There is poetry in pulling teeth. A strange, awful poetry, but poetry nonetheless. And even though the pliers feel alien in her hands, there’s something delicious about using their own tools against them (though let’s face it she could now do it sans instruments just as well thanks to the upgrades).
There’s something about yanking the bone bits out of the slumping bodies, blood staining white coats and blue scrubs, nothing like the colorful suits and sweaters of the studio, but close enough, the high pitched whine of the drill dampened as it goes places it was never meant to go. Out they come quickly, quickly, each following its brother. Onetwothreefourfive. She holds them in her hand, those little ivory stones stained red; they rattle like dice, longing for a jaw they’ll never return to. The sight of them is enough to make her sick. She rubs her throat where the collar once laid, now replaced with a comical ruff. The soft cotton is a welcome replacement.
She leaves the body like she left the others, kicking aside a copy of Highlights magazine. The pages flutter, the only moving thing left in the room. She’s carving her swath. Leaving a trail of bloodied bodies and missing teeth. Winding her way through grungy strip malls and pristine brick office buildings. She hates not knowing if this cold-heartedness is herself or just the remnants of the man who controlled her all those years.
Brushee Sunshine. A fanatic. A zealot. A man obsessed and with a god-complex to match- a deadly combination. And then his wretched sons, those boys she had seen in the studio, waved to even though they were weird, even though she didn’t want to. Those boys who were complicit for so long. Their father was long dead, but they could suffer for his sins. Wasn’t one of them supposed to be the savior after all? That was a savior's purpose, wasn’t it? Suffering. For others, for their people, for themselves. She would make them suffer like she had suffered.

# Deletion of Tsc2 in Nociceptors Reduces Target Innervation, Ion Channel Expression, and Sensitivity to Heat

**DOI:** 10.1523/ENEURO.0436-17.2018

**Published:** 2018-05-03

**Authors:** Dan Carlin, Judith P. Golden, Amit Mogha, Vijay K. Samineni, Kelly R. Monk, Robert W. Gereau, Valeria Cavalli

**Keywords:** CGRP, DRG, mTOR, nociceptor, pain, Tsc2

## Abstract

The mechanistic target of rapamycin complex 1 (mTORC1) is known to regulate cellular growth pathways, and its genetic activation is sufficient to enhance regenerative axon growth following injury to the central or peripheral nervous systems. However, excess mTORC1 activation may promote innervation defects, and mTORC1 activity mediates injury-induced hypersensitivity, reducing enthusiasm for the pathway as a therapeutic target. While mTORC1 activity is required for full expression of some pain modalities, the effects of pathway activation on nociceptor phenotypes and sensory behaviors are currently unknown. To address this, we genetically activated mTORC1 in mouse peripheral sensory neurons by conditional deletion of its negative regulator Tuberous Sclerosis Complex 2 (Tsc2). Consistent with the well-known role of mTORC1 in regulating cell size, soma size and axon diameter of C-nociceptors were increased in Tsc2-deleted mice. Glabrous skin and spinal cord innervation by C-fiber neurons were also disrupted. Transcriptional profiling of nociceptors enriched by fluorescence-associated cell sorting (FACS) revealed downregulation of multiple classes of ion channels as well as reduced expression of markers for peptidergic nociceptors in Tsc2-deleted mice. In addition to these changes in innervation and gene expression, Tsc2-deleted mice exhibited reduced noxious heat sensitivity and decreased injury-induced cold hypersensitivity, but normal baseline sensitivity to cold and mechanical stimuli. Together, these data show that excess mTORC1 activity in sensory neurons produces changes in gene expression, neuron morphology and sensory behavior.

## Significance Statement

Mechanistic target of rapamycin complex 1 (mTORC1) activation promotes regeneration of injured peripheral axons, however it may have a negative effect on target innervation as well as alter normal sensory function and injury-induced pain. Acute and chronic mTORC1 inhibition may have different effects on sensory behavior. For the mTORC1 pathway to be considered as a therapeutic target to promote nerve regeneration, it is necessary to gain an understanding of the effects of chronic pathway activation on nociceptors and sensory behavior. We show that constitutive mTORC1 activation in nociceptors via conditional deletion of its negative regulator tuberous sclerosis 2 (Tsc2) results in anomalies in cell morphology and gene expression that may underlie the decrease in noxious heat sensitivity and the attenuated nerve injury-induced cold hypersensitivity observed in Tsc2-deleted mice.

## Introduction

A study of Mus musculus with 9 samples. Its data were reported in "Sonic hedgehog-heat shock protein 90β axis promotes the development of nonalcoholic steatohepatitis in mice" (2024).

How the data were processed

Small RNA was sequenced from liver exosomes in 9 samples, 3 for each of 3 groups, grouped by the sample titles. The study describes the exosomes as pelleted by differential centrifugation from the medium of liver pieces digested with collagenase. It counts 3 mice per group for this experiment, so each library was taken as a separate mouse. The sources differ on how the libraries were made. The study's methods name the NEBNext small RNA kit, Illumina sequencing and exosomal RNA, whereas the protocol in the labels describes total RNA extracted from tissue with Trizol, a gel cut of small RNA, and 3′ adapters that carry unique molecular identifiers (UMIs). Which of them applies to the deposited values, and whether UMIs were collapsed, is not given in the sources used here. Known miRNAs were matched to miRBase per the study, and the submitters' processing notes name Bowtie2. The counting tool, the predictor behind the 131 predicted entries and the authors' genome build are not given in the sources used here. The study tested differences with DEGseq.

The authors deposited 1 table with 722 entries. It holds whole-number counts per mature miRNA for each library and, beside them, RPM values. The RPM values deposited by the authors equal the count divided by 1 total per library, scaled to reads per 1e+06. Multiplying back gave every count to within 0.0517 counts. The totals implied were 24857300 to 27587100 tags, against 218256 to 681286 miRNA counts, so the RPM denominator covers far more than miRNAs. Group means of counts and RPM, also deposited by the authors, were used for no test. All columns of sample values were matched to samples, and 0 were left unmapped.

None of this would have happened if dear old Mr. Sunshine hadn’t planted those papers. Those papers that dragged her father to the electric chair, forced him to die in disgrace. Those papers that were used time and time again to justify the gunning down of her brothers and sisters in the streets. Those papers that sealed her fate, delivering her into a cult where she spent years abused and brainwashed.
The laser cannon that had replaced her right arm began to glow red. She slowed her breathing, and the glow eventually faded. The hillarium had fused her new cybernetic upgrades to her system, wiring them directly into her brain. They were linked to her thoughts, her emotions. She was a ticking time bomb, a weapon of mass destruction, but she’d need to hold back until she reached New Molar.
Then the real bloodbath could begin.